The FDIC deposit insurance rules have undergone a series of changes starting in the fall of 2008. As a result, certain previously published information related to FDIC insurance coverage may not reflect the current rules. For details about the changes, visit Changes in FDIC Deposit Insurance Coverage. For more information about FDIC insurance, go to www.fdic.gov/deposit/deposits/index.html or call toll-free 1-877-ASK-FDIC (1-877-275-3342). For the hearing-impaired, the number is 1-800-925-4618.

Special 10th Anniversary Edition - Fall 2003

Problems With Plastic: Tips for Tackling Your Top Concerns
Illustration of a person selecting from several credit cards they have in their hand. An electronic credit/debit card machine is on a counter in front of them. Here are common problems that consumers report with credit cards or debit cards (which deduct payments automatically from your deposit account) along with guidance on how to prevent and resolve those problems.

Billing errors, defective purchases and other disputed transactions:
The Fair Credit Billing Act (FCBA) protects you from paying for a purchase that wasn't yours or that you didn't agree to. But you must write the creditor using the address given for billing inquiries (not the payment address) and your letter must reach the creditor within 60 days after the first bill containing the error was mailed to you. The FCBA allows you to withhold payment for defective goods or services purchased with a credit card until the problem has been corrected. In general, the purchase must be for more than $50 from a merchant in your home state or within 100 miles of your home. Your card issuer may offer additional protections.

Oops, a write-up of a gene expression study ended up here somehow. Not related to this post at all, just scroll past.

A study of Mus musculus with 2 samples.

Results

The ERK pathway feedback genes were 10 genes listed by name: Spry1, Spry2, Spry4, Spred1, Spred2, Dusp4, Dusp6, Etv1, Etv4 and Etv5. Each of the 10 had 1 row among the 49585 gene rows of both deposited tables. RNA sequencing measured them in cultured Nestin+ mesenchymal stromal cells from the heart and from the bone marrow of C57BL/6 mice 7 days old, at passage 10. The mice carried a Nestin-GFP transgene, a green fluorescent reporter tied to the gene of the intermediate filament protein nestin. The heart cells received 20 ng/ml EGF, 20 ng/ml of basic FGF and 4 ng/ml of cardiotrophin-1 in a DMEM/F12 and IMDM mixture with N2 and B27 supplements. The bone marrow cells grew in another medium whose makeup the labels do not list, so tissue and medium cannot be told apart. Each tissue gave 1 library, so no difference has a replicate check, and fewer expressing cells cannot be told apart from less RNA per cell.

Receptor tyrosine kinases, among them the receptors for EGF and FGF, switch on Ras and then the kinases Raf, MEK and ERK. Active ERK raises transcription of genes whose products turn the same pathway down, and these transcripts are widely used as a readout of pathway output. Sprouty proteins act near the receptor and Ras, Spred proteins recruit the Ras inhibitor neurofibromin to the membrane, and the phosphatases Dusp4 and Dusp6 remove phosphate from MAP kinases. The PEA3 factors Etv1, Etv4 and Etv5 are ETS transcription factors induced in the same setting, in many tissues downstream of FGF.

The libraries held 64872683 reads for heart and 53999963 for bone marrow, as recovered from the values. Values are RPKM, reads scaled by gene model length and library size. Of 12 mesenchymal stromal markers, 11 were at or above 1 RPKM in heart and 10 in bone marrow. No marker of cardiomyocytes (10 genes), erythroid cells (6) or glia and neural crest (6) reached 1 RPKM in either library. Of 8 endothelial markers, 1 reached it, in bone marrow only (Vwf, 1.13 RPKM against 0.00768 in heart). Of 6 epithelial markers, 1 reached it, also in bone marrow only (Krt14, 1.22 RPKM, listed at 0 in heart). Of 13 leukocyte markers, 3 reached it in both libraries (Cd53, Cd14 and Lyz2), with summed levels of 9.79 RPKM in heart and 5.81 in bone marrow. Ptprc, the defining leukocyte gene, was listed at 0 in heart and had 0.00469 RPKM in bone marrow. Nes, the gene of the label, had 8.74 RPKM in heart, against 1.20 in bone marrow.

Application denied or loan terms less favorable than expected:
Credit report errors can prevent you from getting the best possible loan terms, so periodically review your credit report to make sure everything is correct. If you find an error, write to the credit bureau that prepared the report. For more information, including details about a new law making it easier to obtain and correct your credit reports, see "Your Credit Record".

Late payment fees:
Allow enough time for your payment to reach your card issuer. Remember that financial institutions mark credit card payments as "paid" on the day they are received, not the day you mailed it. Find out your bank's cutoff time for card payments. And if you know your "late" payment arrived on time, contact your card issuer.

Confusion over promotional offers:
You're probably familiar with deals like "zero percent interest" on a credit card or "no payment on merchandise until next year" if you put your purchase on your charge card. These offers usually are for limited purposes and time periods, something many consumers don't focus on until they run up unexpected charges, so be sure to read the fine print.

Excerpted from "Problems With Plastic: Our Tips for Tackling Your Top Five Concerns," Fall 2002.